To see what is in front of one's nose needs a constant struggle.
--- George Orwell

Sunday, August 29, 2021

Tony Blinken, Afghanistan's Collapse And The Sorrows Of Beltway Credentialism

Wow! What a difference a year-and-a-half can make! Biden To Nominate Antony Blinken For Secretary Of StateNPR November 23, 2020. Blinken was going to “repair relationships between Washington and foreign governments and allies that have been strained under President Trump's 'America First" policy?! And serve as a confirmable alternative to Susan Rice, she of the Benghazi disaster in 2012?! And boost morale at the State Department that had been left "beleaguered" by the prior administration!? 

Considered while the biggest foreign policy debacle in American history continues to unfold in Afghanistan, the advance notices Blinken received from Beltway insiders and the media are as breathtakingly naïve as Blinken himself has proven himself to be. The fact that Blinken has not resigned yet is a tribute both to his own personal cluelessness--- and to the arrogance borne of the blind credentialism that put him in a place to do so much ruinous damage to the country---especially our international partners. Blinken needs to go. 


President-elect Joe Biden will nominate Antony Blinken for the coveted secretary of state post.


Blinken, 58, has extensive foreign policy experience, serving as deputy secretary of state and deputy national security adviser under President Barack Obama. 


A graduate of Harvard University and Columbia Law School, Blinken began his foreign policy career during the Clinton administration. He worked as Democratic staff director for the U.S. Senate Foreign Relations Committee from 2002 to 2008, where he worked closely with Biden. He went on to serve as then-Vice President Biden's national security adviser.

Blinken is currently managing partner at WestExec Advisors, a firm he co-founded.


For Biden, choosing Blinken signals a return to a more traditional foreign policy that favors strong international relationships, NPR's Michele Kelemen says.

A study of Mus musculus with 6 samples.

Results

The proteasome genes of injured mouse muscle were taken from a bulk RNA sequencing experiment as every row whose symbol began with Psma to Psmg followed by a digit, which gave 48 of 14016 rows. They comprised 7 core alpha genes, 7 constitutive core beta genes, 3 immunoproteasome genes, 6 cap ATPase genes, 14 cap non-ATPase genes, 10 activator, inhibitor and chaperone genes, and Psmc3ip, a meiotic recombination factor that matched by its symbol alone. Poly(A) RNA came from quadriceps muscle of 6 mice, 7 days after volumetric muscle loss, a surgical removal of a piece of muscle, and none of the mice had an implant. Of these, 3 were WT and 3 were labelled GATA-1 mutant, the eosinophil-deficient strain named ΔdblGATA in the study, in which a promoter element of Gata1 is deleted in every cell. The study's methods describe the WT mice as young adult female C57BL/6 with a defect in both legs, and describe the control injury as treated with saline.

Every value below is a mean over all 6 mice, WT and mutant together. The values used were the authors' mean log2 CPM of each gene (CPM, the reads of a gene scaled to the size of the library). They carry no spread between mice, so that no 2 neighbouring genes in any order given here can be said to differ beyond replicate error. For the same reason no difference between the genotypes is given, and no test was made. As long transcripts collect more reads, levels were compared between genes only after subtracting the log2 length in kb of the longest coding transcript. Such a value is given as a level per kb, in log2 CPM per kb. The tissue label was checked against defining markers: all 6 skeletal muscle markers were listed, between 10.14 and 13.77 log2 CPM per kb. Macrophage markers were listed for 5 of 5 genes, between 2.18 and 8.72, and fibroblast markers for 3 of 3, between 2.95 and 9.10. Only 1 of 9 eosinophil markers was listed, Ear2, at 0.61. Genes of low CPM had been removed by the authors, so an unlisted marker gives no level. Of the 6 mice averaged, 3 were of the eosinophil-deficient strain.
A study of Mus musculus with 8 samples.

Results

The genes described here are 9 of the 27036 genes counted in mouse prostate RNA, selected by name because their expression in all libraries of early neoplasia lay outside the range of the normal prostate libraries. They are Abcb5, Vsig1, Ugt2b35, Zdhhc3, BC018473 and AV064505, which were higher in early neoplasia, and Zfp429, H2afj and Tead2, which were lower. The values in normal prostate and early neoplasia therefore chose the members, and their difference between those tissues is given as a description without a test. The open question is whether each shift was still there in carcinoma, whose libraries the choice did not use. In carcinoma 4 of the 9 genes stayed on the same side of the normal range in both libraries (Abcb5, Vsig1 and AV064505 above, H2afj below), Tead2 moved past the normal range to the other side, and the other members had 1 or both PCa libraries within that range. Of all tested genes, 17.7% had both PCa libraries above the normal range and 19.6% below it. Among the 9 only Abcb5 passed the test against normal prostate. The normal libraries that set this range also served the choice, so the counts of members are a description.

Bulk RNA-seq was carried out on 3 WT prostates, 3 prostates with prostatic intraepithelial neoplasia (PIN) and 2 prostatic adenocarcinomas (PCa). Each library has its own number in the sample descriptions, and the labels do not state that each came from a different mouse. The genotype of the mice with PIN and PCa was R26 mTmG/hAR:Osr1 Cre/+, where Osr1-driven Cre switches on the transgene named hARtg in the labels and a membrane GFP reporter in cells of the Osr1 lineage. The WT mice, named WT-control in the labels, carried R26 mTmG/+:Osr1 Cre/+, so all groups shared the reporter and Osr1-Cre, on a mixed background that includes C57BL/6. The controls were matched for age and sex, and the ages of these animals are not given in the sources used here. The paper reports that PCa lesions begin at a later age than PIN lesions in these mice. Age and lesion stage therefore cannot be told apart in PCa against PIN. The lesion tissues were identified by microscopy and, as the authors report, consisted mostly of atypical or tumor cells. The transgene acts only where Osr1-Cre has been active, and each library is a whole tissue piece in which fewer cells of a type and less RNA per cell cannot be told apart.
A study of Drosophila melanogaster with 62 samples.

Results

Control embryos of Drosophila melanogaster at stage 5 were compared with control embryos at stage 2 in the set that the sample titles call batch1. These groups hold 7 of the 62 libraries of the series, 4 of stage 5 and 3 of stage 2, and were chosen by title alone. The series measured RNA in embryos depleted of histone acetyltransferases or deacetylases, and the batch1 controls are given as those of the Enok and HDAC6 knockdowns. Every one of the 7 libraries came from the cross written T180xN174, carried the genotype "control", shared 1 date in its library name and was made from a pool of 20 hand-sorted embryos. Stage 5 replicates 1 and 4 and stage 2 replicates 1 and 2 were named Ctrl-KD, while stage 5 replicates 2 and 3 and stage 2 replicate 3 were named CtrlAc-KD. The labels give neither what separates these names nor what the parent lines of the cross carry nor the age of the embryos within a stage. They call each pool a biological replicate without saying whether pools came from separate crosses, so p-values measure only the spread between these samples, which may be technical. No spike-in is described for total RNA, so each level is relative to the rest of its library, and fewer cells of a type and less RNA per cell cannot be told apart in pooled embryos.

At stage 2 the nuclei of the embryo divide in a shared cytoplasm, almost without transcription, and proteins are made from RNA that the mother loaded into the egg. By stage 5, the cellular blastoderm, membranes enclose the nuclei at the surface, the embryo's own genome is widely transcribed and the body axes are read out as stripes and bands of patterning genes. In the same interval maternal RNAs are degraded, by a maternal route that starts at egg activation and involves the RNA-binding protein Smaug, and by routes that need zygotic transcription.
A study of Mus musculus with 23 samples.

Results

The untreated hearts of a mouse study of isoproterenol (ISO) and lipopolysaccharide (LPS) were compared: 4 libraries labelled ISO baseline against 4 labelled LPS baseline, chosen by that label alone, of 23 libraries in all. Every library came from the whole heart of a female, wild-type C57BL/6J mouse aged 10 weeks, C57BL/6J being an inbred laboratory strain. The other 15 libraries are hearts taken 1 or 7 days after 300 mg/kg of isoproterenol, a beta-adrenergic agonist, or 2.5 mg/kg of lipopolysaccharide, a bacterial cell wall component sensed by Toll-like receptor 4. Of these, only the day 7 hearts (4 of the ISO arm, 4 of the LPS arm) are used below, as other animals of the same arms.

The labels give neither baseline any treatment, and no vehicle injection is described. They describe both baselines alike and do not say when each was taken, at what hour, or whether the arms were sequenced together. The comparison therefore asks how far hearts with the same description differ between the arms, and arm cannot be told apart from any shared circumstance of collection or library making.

Biden's secretary of state pick, which will require Senate confirmation, was first reported by Bloomberg News and later confirmed by NPR.


…If confirmed, Blinken's early work, according to The Associated Press, would be focused heavily on repairing relationships between Washington and foreign governments and allies that have been strained under President Trump's "America First" policy, in which long-held alliances have frequently been challenged.


Blinken will also be tasked with boosting the beleaguered State Department, an agency that has experienced substantial turnover under Trump, with many longtime diplomats and career staffers leaving.

An Office of Inspector General (OIG) report from January found that, "Workforce management issues are pervasive, affecting programs and operations domestically and overseas and across functional areas and geographic regions."


A hiring freeze that was ordered by Trump in 2017 and that stretched until 2018 compounded the agency's ability to maintain staffing levels, the report went on to say.

"Employees told OIG that the hiring freeze contributed to excessive workloads, and the lack of transparency about the objectives intended to be achieved by the hiring freeze caused some to be concerned about losing their jobs," the report said.

Susan Rice, the former national security adviser under Obama, was rumored to have been on the short list for the top State Department job. However, by choosing Blinken, Biden avoids what was likely to have been a Senate battle over her nomination.

Rice would have faced criticism over the handling of the terrorist attack on the U.S. diplomatic compound in Benghazi, Libya, in 2012. Under pressure that year, Rice took herself out of consideration for the secretary of state's job after Clinton resigned the post.